I've been road-traveling again. Not in California. I've got an entirely new batch of roadside insights to share that have nothing to do with old memories conjured by familiar landscapes and much more to do with deeply buried dreams unlocked by entirely new scenery. More on that soon.
When packing for a trip that was all about seeking out snow (new snow, powder snow, the kind you will not currently find in Mammoth or Tahoe), I felt instinctively that two things would be the things to bring with: an old journal filled with old writing scraps (time to make something of it all, perhaps) and a copy of Fernando Pessoa's The Book of Disquiet.
What I could not have known as I was flurry-packing down jackets, wind-block shells and low-light ski goggles is that these two items were, in fact, the items. I read a few scraps of my old work and had a strange sensation. I put them away. Picked them back up again. Felt strangeness again and again. Who had written these words? How was she so confident years ago in a way that I am not now? Where has she gone and can I get her back again?
I set my old words aside for the rest of the trip. This adventure was to be about fun, about snow, about wide open Wyoming spaces, about après ski and conversation with interesting locals. My old words had conjured up more than I intended. They'd made me feel somehow less. Somehow diminished. Somehow wishing the less wise me of years ago could re-emerge, then merge with the wiser (but meeker) me of now and embolden my future writings. It was too much to think about so I set them aside and didn't open them again.
I did, however, crack open Pessoa's disquieted thoughts. Here's what greeted me in fits & spurts throughout the entire first section:
"In the ordinary jumble of my literary drawer, I sometimes find texts I wrote ten, fifteen, or even more years ago. And many of them seem to me written by a stranger."
"I often find texts of mine that I wrote when I was very young--when I was seventeen or twenty. And some have a power of expression that I do not remember having then. Certain sentences and passages I wrote when I had just taken a few steps away from adolescence seem produced by the self I am today, educated by years and things. I recognize I am the same as I was. And having felt that I am today making a great progress from what I was, I wonder where this progress is if I was then the same as I am today. There is a mystery in this that reduces my worth and oppresses me."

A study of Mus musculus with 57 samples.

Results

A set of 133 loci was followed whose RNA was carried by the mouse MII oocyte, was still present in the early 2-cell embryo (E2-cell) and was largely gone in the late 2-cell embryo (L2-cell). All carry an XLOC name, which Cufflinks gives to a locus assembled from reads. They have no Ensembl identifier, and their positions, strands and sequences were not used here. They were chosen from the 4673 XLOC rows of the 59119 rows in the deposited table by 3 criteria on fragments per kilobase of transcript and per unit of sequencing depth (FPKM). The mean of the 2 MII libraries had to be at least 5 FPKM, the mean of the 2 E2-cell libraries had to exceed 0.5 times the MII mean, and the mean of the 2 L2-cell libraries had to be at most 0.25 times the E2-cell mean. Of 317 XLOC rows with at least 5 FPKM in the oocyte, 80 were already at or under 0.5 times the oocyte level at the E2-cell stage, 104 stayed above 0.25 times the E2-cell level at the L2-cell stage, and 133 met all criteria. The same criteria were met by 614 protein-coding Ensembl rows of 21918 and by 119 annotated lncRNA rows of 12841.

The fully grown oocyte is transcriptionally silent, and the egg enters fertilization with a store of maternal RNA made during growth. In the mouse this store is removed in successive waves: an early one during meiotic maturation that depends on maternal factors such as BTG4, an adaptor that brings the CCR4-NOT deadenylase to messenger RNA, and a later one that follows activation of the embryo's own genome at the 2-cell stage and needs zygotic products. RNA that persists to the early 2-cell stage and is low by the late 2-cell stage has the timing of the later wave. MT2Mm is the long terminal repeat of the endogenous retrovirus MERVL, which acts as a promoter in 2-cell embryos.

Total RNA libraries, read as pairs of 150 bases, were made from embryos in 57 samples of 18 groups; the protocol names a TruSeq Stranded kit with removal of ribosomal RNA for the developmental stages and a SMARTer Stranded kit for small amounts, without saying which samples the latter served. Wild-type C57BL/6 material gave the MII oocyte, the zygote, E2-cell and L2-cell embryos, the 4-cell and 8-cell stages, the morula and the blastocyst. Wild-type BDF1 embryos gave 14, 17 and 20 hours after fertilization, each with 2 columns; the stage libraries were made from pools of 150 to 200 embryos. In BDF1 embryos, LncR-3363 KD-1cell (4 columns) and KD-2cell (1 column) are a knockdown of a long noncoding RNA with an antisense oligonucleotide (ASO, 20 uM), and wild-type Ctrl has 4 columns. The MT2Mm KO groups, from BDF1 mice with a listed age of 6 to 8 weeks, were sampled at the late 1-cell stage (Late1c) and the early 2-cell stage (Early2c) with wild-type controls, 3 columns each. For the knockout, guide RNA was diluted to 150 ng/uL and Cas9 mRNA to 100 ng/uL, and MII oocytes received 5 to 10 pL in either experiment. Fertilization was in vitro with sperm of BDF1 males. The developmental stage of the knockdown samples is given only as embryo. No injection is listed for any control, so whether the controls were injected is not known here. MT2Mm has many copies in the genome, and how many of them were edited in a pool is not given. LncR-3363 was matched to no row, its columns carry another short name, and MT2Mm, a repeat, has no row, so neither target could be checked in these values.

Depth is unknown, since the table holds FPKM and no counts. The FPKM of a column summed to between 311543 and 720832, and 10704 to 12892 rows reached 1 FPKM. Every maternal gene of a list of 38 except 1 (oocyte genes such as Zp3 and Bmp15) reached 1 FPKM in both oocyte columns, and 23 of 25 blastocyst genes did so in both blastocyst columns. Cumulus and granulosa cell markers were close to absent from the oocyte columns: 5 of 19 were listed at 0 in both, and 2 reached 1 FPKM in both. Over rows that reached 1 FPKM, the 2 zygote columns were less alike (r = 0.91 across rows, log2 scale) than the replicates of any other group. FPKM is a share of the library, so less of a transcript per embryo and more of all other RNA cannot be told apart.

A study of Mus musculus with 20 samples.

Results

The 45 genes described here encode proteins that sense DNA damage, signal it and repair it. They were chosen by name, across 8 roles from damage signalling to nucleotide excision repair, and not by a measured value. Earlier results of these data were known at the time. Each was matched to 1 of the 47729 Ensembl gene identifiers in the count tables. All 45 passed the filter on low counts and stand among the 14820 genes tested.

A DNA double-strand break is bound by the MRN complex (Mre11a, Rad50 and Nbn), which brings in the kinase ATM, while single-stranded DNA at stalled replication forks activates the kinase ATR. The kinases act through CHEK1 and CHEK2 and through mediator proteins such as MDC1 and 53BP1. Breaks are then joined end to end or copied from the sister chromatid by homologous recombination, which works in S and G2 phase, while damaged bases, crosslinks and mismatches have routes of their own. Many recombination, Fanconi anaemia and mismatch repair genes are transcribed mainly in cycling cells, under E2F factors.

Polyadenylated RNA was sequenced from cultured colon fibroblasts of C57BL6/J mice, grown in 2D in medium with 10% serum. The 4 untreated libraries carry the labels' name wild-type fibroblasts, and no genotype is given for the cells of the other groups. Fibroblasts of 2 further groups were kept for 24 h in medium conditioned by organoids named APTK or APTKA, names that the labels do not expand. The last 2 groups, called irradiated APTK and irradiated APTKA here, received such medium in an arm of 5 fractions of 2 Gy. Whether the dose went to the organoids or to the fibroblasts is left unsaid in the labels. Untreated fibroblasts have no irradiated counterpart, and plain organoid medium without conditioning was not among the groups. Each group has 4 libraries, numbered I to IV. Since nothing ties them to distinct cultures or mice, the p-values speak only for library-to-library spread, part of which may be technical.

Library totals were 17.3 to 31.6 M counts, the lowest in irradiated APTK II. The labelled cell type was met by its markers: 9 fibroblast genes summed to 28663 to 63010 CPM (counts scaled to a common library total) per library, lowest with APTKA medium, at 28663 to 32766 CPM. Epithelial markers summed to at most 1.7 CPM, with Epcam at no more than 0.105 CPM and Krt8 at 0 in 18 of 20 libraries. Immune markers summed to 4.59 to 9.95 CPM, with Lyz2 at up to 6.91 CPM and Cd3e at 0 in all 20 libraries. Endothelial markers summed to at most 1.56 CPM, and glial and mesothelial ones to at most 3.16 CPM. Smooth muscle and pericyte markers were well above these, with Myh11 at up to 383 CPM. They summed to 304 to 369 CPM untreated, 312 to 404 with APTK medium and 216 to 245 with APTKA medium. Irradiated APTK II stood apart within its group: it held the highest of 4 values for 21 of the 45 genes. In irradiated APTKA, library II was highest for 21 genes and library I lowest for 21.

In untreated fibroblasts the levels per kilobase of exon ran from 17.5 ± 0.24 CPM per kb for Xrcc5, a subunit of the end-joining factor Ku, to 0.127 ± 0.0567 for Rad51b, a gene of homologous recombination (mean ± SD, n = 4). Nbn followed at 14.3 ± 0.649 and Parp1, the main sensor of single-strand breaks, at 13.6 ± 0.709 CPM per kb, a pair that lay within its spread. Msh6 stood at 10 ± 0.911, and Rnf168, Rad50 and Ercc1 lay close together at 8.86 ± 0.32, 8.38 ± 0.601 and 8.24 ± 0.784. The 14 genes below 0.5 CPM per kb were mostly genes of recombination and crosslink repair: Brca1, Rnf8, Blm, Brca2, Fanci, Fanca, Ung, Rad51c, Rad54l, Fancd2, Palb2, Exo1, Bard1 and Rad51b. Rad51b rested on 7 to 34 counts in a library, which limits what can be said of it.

"How did I advance toward what I already was? How can the person who knows me today not know me yesterday? All this confuses me in a labyrinth where I am with myself and wander away from myself. I wander with my thoughts and I'm sure that what I'm writing now I already wrote. I remember."
"Once again, I have found something of mine, written in French, over which fifteen years must have flown now. I've never been to France, never dealt face-to-face with the French, never, therefore, exercised that language in which I had ceased to be fluent. Today I read as much French as ever. I'm older, a more experienced thinker: I must have made some progress. And the French in that passage from my distant past possesses a confidence which today I do not possess. The style is fluid, but in a way I could never be today in that language, with entire passages, complete sentences, forms and modes of expression that demonstrate a control over that language that I lost without ever remembering I had it. How is it possible to explain that? Whom did I substitute inside myself?"
"But what am I experiencing when I read myself as if I were someone else? On which bank am I standing if I see myself in the depths?"
"At other times I have found things I've written that I don't remember having written -- which is shocking -- things I don't even remember being capable of writing -- and that does frighten me. Certain phrases belong to a different mentality. It's as if I'd found an old picture, unquestionably of me, in which I had a different physique, unknown features -- but features undoubtedly mine -- all horrifyingly my own."
Though Pessoa tends toward the dramatic, I know (without question) that bringing along my old writing and casting it aside amidst a range of uncomfortable emotions only to pick up Pessoa's ramblings on the same is not an accident.
I don't know what else it might be, but I am for the moment reassured by his words.
That many believe he was crazy is, obviously, beside the point, no?